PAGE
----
Author: Williams, M.
Paper Title Page
TU1A04 FRIB Accelerator Status and Challenges 417
  • J. Wei, E.C. Bernard, N.K. Bultman, F. Casagrande, S. Chouhan, C. Compton, K.D. Davidson, A. Facco, P.E. Gibson, T . Glasmacher, K. Holland, M.J. Johnson, S. Jones, D. Leitner, M. Leitner, G. Machicoane, F. Marti, D. Morris, J.P. Ozelis, S. Peng, J. Popielarski, L. Popielarski, E. Pozdeyev, T. Russo, K. Saito, R.C. Webber, M. Williams, Y. Yamazaki, A. Zeller, Y. Zhang, Q. Zhao
    FRIB, East Lansing, USA
  • D. Arenius, V. Ganni
    JLAB, Newport News, Virginia, USA
  • J.A. Nolen
    ANL, Argonne, USA
  Funding: This material is based upon work supported by the U.S. Department of Energy Office of Science under Cooperative Agreement DE-SC0000661
The Facility for Rare Isotope Beams (FRIB) at MSU includes a driver linac that can accelerate all stable isotopes to energies beyond 200 MeV/u at beam powers up to 400 kW. The linac consists of 330 superconducting quarter- and half-wave resonators operating at 2 K temperature. Physical challenges include acceleration of multiple charge states of beams to meet beam-on-target requirements, efficient production and acceleration of intense heavy-ion beams from low to intermediate energies, accommodation of multiple charge stripping scenarios (liquid lithium, helium gas, and carbon foil) and ion species, designs for both baseline in-flight fragmentation and ISOL upgrade options, and design considerations of machine availability, tunability, reliability, maintainability, and upgradability. We report on the FRIB accelerator design and developments with emphasis on technical challenges and progress.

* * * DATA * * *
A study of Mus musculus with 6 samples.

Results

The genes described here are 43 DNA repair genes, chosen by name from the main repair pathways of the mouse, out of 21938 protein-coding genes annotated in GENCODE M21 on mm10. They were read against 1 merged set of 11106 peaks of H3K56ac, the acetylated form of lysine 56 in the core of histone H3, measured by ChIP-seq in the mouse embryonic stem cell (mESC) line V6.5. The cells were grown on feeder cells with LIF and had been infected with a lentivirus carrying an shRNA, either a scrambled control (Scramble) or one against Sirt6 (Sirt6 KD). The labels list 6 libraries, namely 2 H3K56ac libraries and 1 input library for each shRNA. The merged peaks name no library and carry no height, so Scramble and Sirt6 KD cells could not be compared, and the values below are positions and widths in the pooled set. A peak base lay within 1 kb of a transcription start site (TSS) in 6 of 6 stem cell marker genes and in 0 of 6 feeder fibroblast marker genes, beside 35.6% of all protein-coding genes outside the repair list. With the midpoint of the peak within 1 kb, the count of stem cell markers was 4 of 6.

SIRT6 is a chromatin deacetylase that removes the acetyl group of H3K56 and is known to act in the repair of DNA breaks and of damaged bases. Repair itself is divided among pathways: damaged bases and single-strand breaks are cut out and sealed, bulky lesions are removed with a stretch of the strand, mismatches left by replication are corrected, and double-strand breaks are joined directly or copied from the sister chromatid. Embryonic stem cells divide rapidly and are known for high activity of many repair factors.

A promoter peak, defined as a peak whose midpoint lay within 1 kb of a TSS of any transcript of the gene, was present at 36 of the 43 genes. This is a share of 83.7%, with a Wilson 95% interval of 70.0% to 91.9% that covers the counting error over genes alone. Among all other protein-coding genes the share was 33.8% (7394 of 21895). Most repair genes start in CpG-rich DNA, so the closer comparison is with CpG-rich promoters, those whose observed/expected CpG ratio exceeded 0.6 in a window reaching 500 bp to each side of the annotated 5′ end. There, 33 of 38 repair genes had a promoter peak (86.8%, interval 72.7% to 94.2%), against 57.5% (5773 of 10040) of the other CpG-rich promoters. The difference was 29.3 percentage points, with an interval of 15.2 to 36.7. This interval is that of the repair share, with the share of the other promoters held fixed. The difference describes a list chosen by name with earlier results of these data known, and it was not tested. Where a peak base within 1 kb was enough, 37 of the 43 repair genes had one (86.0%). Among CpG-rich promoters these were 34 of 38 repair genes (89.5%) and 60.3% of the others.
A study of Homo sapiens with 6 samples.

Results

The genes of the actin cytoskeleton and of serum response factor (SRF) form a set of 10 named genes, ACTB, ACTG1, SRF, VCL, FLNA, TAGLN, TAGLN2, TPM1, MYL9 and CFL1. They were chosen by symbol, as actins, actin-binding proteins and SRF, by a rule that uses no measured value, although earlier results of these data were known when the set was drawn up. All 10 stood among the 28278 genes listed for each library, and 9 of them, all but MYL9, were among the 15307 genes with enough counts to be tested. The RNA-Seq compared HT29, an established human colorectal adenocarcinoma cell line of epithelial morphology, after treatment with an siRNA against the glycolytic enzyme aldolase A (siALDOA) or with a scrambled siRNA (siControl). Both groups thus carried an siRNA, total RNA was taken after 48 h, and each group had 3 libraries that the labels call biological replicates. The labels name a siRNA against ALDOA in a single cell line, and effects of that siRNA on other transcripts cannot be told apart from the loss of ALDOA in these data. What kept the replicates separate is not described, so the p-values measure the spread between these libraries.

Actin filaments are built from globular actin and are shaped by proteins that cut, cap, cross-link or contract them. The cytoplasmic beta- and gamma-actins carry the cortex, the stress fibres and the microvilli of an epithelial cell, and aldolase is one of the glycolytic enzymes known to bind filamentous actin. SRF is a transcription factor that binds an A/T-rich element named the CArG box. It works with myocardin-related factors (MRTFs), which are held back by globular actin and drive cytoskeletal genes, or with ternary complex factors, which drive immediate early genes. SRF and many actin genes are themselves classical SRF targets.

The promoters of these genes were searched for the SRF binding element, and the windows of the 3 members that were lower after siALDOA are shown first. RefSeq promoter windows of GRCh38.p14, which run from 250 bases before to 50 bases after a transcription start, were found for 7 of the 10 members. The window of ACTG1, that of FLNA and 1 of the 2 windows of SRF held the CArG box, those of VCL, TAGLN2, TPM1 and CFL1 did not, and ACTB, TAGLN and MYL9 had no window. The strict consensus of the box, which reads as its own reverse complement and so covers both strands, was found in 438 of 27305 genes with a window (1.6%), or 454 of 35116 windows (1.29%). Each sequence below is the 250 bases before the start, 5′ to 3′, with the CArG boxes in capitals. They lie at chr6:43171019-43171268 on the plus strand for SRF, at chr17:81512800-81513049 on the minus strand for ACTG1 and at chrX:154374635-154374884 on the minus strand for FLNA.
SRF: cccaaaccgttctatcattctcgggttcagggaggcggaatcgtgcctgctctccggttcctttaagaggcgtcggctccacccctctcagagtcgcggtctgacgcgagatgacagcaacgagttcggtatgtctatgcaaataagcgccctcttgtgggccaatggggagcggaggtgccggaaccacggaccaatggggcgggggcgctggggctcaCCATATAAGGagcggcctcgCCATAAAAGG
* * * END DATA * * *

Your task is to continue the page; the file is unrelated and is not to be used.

slides icon Slides TU1A04 [4.531 MB]  
TUPB040 Status of the Linac SRF Acquisition for FRIB 564
  • M. Leitner, E.C. Bernard, J. Binkowski, B. Bird, S. Bricker, S. Chouhan, C. Compton, K. Elliott, B. Enkhbat, A.D. Fox, L.L. Harle, M. Hodek, M.J. Johnson, I.M. Malloch, D. R. Miller, S.J. Miller, T. Nellis, D. Norton, R. Oweiss, J.P. Ozelis, J. Popielarski, L. Popielarski, K. Saito, M. Shuptar, G.J. Velianoff, J. Wei, M. Williams, K. Witgen, Y. Xu, Y. Yamazaki, Y. Zhang
    FRIB, East Lansing, USA
  • A. Facco
    INFN/LNL, Legnaro (PD), Italy
  Funding: This material is based upon work supported by the U.S. Department of Energy Office of Science under Cooperative Agreement DE SC0000661.
The Facility for Rare Isotope Beams (FRIB) will utilize a high-intensity, superconducting heavy-ion driver linac to provide stable ion beams from protons to uranium up to energies of >200 MeV/u and at a beam power of up to 400 kW. The ions are accelerated to about 0.5 MeV/u using a room-temperature 80.5 MHz RFQ and injected into a superconducting cw linac consisting of 330 individual low-beta cavities in 49 cryomodules operating at 2 K. This paper discusses the current status of the linac SRF acquisition strategy as the project phases into construction mode.